Actor/Singer Rotimi made his name a familiar one back in 2015 when he booked the role of Andre “Dre” Coleman on the Starz Network hit series Power. His character transitioned from a member of a crew to one of the most hated villains on the show. In addition to his career as an actor, Rotimi, whose real name is Olurotimi Akinosho, made an impact on the music scene as an R&B artist, but his most recent musical release has garnered a great deal of public criticism.
The National Football League (NFL) kicked off their 103rd season this past weekend. Prior to the start of the games, the NFL and the individual teams created multiple ways of marketing the start of the season in order to generate a high level of fan anticipation. Rotimi was the chosen one in regard to singing a new hype song for the Atlanta Falcons. The promo video was published on the team’s Instagram account on September 9, and Rotimi posted a comment using the fire emoji.
The 33-year-old seemed to be pleased with his version of the new team anthem, but the fans of Atlanta didn’t share the same enthusiasm. In the musical clip, Rotimi is wearing a Younghoe Koo number 7 jersey, sitting on the throne, and singing the chorus ‘Rise Up.’ The comment section was immediately filled with thousands of statements that consisted of fan disapproval and confusion. The fanbase didn’t like the song because it doesn’t fit the up-tempo style of music that they are accustomed to.
In addition to disliking the song, the fans were puzzled by the musical artist who was selected to perform the new promo video. Atlanta is a city where a number of incredibly talented rappers and singers reside, but for some reason, the team organization went out of city limits to recruit Rotimi. When you talk about the Atlanta music scene, you’re talking about Outkast, T.I., Ludacris, Usher, Gucci Mane, Jeezy, 2 Chainz, Lil Baby, Future, and The Migos. With all of these talented in-house artists who are familiar with the culture of Atlanta, why would you go against the grain and choose a person who doesn’t have a strong connection to the city?
When a critical error occurs, a natural tendency is to find someone to blame. The Atlanta fanbase isn’t blaming Rotimi, but they are placing the Falcons organization at fault. The fans feel as though the organization made a bad choice, and as a result, they unfairly placed Rotimi in the line of fire. Atlanta-based rapper T.I. sided with the fans as he addressed the song by way of an eleven-minute video. He didn’t have an issue with Rotimi, who is a New Jersey native, but he does have a problem with the people who selected Rotimi over A-listers who are locals.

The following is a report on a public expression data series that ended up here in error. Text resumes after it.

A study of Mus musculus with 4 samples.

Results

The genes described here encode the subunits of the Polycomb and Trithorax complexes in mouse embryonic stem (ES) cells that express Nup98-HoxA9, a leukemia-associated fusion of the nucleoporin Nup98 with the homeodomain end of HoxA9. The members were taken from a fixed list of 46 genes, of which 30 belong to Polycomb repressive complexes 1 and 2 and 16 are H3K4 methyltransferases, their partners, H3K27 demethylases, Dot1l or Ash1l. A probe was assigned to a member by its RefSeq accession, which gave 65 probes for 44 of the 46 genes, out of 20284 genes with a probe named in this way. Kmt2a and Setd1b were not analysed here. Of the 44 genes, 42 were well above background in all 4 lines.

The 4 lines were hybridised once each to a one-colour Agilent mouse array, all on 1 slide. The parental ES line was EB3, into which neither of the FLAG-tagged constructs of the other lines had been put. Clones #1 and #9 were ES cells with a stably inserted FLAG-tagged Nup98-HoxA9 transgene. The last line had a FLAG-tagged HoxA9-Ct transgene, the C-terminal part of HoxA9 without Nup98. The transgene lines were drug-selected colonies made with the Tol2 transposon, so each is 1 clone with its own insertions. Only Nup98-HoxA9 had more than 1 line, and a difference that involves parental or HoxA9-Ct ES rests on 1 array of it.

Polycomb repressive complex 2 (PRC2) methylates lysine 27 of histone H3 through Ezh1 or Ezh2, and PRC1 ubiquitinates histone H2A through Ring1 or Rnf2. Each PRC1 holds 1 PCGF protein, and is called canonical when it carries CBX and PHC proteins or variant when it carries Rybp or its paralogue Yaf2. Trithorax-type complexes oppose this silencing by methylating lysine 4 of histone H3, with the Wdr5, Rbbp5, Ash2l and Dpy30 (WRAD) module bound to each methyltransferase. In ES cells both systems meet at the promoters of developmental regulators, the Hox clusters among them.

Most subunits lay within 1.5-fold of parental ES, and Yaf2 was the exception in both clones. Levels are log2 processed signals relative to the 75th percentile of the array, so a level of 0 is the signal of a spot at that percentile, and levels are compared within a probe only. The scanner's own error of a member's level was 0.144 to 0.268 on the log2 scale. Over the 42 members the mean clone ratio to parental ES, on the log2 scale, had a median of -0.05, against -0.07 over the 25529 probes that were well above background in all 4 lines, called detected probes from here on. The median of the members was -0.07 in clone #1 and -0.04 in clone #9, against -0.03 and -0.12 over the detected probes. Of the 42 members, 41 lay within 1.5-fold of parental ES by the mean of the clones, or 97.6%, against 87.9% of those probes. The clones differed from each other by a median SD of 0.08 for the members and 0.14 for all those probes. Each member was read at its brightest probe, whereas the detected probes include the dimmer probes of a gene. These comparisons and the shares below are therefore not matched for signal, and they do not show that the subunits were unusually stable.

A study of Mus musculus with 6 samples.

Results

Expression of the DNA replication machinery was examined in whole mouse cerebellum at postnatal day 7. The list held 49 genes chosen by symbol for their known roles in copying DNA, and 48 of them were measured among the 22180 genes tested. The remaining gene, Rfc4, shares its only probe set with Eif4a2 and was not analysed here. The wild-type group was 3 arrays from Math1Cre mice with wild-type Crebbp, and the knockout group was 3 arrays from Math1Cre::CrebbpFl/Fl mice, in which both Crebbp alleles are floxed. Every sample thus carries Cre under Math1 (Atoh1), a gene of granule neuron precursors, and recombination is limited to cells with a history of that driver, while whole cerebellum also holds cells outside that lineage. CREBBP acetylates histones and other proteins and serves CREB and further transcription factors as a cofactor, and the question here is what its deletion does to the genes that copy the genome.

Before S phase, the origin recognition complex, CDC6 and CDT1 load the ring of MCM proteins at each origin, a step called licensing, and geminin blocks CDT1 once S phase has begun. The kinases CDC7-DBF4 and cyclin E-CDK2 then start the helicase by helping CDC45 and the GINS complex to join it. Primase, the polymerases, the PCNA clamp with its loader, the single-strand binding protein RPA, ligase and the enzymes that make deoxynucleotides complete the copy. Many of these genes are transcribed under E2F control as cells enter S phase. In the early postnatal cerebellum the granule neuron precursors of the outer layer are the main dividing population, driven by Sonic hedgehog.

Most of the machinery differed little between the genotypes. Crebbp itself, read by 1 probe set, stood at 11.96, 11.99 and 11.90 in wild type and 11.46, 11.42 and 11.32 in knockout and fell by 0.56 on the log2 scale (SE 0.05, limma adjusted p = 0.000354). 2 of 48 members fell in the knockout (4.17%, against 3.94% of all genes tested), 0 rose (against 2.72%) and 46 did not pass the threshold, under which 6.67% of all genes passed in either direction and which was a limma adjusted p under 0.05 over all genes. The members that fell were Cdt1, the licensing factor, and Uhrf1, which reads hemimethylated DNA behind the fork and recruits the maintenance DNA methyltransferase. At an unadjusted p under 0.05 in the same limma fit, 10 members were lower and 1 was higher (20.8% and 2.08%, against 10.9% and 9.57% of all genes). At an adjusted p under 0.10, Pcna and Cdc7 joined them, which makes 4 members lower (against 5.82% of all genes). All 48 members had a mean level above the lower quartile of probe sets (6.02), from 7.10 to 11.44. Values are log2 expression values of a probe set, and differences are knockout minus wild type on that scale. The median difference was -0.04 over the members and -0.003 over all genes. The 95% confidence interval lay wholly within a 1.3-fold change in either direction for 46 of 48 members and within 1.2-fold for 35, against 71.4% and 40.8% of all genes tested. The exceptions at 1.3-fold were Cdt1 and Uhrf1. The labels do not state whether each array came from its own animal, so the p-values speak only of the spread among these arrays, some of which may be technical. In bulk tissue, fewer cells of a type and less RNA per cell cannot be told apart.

“We have so much culture, so much talent in the city, man. So many hardcore, die-hard Falcon fans that happen to be A-list talent in the city.” T. I. went on to ask, “Who did you call? I know Quavo would’ve did it. I know 2 Chainz would’ve did it. I know Killer Mike would’ve did it. I mean I would’ve did it. I know Jeezy would’ve did it. N***a, bruh, who approved that? Who’s sitting in these meetings?” T.I. also spoke on how the organization’s decision not to choose an Atlanta native to perform the song could create a wedge between the fans and the team.
On the football field, the Atlanta Falcons opened their season with a home game against their longtime rivals, the New Orleans Saints. After the Saints all-purpose player Taysom Hill scored on an 11-yard touchdown run in the first quarter to give the Saints a 10-3 lead, the Falcons defense proceeded to shut the Saints offense down. The Atlanta offense led by Quarterback Marcus Mariota and Wide Receiver Cordarrelle Patterson went to work, and with 12 minutes and 41 seconds left to go in the game, the Atlanta Falcons held a 26-10 lead.
Unfortunately for the Falcons, the Saints stormed back and took a 26-27 lead. With 2 seconds left to go in the game, Rotimi posted a video of himself talking in the third person and speaking with a Nigerian accent as he watched his television while pleading for the Falcons to make the game-winning 63-yard field goal. “Please, Atlanta, please, please, please, Atlanta.,” Rotimi stated. His cries for help went unanswered as the New Orleans Saints blocked the field goal attempt. As he watched the Saints seal the victory with the block, Rotimi responded by stating, “Oh my God! Oh my God! No! No! No! No! They’re going to kill Rotimi!” The fanbase may not do harm to Rotimi, but they may demand that the organization arrange a remix to the ‘Rise Up’ anthem and request that the team learns how to protect a fourth-quarter lead.